Border Troubles


The San Pedro River winds from the Mexican border through southeastern Arizona, flanked by cottonwood and willow trees. Further from the water, thorny shrubs and desert grasses grow. Mountain lions, deer, and bobcats roam hereabouts, along with green rattlesnakes and Gila monsters; half the breeding bird species in North America can be spotted along the river’s banks.

Once desert-river ecosystems like this were common throughout the Southwest, but now, few remain: The lush banks of the San Pedro are both a living museum and a unique oasis of natural diversity in the dusty area.

Soon, though, all that could change: The river lies directly on the route of President Bush’s planned 700-mile border fence. Workers are already preparing to install a 16-foot steel-and-mesh barrier running up to the water’s edge; the river itself will be plugged with old railroad ties to prevent the passage of boats.

Greens fear that the fence - and the access roads needed for maintenance - will wreck the delicate balance of the San Pedro ecosystem, clogging the river, forcing animals to change migratory patterns, and destroying an irreplaceable habitat.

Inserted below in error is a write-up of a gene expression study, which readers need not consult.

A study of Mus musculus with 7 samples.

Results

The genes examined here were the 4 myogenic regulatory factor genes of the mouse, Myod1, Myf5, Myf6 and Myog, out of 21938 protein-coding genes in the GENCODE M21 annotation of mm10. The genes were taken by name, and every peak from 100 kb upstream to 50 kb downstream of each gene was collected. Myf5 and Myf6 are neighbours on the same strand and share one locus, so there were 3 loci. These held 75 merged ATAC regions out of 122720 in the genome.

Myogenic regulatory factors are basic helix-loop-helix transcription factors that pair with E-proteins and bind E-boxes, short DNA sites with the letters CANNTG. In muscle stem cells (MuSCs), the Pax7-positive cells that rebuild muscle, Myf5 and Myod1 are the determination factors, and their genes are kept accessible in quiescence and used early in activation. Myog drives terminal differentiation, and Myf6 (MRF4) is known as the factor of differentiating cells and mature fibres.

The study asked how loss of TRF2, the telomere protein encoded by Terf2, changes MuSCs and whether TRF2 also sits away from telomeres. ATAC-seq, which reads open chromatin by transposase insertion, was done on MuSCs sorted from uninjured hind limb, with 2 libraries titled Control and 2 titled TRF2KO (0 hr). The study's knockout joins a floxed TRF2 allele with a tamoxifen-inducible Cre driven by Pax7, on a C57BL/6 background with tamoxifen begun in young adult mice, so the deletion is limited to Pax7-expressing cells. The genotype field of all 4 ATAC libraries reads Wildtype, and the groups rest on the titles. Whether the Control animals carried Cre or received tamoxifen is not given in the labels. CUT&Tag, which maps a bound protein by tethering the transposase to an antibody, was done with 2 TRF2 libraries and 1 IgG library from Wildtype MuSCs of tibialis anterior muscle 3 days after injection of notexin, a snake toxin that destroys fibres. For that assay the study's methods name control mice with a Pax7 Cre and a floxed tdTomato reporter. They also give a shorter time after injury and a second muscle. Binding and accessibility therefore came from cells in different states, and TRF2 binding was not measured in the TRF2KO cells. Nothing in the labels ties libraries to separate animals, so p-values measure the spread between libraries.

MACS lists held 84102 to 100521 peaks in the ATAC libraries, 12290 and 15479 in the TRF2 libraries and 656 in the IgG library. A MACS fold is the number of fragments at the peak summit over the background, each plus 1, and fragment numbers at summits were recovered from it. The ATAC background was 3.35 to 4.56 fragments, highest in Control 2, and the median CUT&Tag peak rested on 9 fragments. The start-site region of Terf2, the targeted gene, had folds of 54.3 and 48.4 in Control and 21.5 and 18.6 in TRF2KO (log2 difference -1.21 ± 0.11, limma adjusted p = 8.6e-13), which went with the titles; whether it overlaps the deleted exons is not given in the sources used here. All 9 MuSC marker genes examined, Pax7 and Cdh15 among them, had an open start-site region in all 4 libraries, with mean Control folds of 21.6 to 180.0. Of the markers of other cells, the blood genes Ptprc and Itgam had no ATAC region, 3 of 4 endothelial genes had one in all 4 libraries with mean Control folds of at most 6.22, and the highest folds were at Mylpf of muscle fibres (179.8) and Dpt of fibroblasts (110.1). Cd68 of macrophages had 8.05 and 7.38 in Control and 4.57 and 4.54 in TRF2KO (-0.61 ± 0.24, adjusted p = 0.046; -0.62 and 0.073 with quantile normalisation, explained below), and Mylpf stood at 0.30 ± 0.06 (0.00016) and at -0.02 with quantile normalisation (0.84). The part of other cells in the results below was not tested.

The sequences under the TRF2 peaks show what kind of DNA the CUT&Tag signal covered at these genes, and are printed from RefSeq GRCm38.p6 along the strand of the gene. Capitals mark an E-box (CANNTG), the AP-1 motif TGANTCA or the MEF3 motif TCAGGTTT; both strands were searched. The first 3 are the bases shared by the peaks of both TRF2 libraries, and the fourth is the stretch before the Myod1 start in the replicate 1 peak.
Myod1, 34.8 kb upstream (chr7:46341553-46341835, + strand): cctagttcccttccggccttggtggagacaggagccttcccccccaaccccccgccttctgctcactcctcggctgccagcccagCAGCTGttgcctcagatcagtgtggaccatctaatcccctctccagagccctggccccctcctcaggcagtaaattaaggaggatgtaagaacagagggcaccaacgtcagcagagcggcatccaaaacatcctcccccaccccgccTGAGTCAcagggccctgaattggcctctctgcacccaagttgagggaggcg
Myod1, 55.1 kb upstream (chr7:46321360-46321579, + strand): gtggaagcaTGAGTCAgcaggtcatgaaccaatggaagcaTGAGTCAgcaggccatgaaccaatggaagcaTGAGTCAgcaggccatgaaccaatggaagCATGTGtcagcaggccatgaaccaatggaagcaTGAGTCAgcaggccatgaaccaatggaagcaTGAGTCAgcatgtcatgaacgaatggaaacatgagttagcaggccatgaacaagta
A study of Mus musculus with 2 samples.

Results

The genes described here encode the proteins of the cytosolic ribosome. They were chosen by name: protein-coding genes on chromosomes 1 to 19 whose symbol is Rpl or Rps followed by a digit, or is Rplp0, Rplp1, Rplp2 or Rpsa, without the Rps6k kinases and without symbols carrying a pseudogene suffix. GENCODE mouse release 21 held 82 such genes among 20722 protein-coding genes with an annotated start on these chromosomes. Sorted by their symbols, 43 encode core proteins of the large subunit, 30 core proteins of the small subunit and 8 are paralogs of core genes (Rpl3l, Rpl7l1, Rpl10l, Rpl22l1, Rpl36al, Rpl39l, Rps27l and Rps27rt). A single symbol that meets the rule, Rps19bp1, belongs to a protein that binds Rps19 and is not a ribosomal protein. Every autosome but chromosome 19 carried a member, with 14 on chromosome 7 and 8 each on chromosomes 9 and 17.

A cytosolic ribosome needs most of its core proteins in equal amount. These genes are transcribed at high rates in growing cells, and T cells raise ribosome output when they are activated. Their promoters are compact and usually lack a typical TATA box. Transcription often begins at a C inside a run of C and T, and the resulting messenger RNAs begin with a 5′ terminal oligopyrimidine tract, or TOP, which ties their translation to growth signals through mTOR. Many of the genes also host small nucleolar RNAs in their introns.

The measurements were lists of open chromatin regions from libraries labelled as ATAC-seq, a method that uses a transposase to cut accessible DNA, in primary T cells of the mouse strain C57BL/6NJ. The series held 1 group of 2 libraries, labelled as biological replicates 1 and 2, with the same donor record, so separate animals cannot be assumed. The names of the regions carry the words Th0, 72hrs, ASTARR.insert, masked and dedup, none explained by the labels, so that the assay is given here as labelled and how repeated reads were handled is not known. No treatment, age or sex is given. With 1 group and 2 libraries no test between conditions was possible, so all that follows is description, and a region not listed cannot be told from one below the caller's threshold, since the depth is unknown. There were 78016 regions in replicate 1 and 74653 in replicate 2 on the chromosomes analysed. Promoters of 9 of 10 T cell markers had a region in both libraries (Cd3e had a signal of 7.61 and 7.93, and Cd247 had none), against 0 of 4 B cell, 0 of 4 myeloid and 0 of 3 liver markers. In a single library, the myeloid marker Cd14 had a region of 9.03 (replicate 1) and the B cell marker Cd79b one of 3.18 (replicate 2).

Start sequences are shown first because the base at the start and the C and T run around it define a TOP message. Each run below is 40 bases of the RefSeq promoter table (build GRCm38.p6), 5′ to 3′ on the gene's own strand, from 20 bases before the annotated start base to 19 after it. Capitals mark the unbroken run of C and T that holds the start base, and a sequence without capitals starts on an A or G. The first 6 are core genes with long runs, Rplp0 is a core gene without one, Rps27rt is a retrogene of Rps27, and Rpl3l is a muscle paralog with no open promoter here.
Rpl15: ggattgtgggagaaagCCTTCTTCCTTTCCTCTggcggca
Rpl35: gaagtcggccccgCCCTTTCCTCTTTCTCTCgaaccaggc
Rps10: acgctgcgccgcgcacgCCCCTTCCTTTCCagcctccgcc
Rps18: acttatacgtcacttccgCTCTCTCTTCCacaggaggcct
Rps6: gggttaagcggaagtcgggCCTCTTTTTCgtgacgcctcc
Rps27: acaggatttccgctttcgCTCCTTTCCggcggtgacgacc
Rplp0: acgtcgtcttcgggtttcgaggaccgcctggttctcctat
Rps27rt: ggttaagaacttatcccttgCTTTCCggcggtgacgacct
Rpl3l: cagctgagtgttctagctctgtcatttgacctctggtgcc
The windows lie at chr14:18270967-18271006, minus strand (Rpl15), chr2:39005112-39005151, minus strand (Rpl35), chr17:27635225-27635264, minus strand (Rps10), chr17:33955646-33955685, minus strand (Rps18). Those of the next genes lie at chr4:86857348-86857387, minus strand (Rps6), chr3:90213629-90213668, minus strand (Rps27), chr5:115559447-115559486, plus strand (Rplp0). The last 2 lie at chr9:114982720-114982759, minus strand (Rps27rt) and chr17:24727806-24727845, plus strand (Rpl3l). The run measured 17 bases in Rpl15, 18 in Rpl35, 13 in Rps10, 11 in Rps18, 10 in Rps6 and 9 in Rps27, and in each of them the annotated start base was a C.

Shockingly, the Department of Homeland Security (DHS) has refused to adequately assess the potential damage to the site, even after a judge halted work on the fence pending a review. This week, DHS chief Michael Chertoff invoked powers assigned to him under the REAL ID Act to overrule the judge, waiving a swathe of inconvenient environmental laws and ordering the bulldozers back into the San Pedro conservation area.

Adding insult to injury, Chertoff suggested that the harm done by the wall would be outweighed by the fact that fewer immigrants and smugglers would now litter the area or build campfires as they passed through.

Similar stories are playing out along the border as officials rush to meet ambitious construction targets: With the fence due to stretch almost 400 miles by the end of 2008, officials say that up to three quarters of the environmentally sensitive land in the Rio Grande Valley will be affected. Activists complain that environmental-impact surveys are either desultory or entirely lacking; meanwhile, Chertoff says he’ll continue to waive the law as often as necessary to get the job done.

In the House, Arizona Democrat Raúl Grijalva is pushing legislation to rein in the DHS and repeal the REAL ID waiver. But even if he succeeds, it won’t come in time to save the San Pedro River. Unlike the environmental damage from immigrants and smugglers, the harm done by Chertoff’s headlong rush to seal the border could prove almost impossible to put right.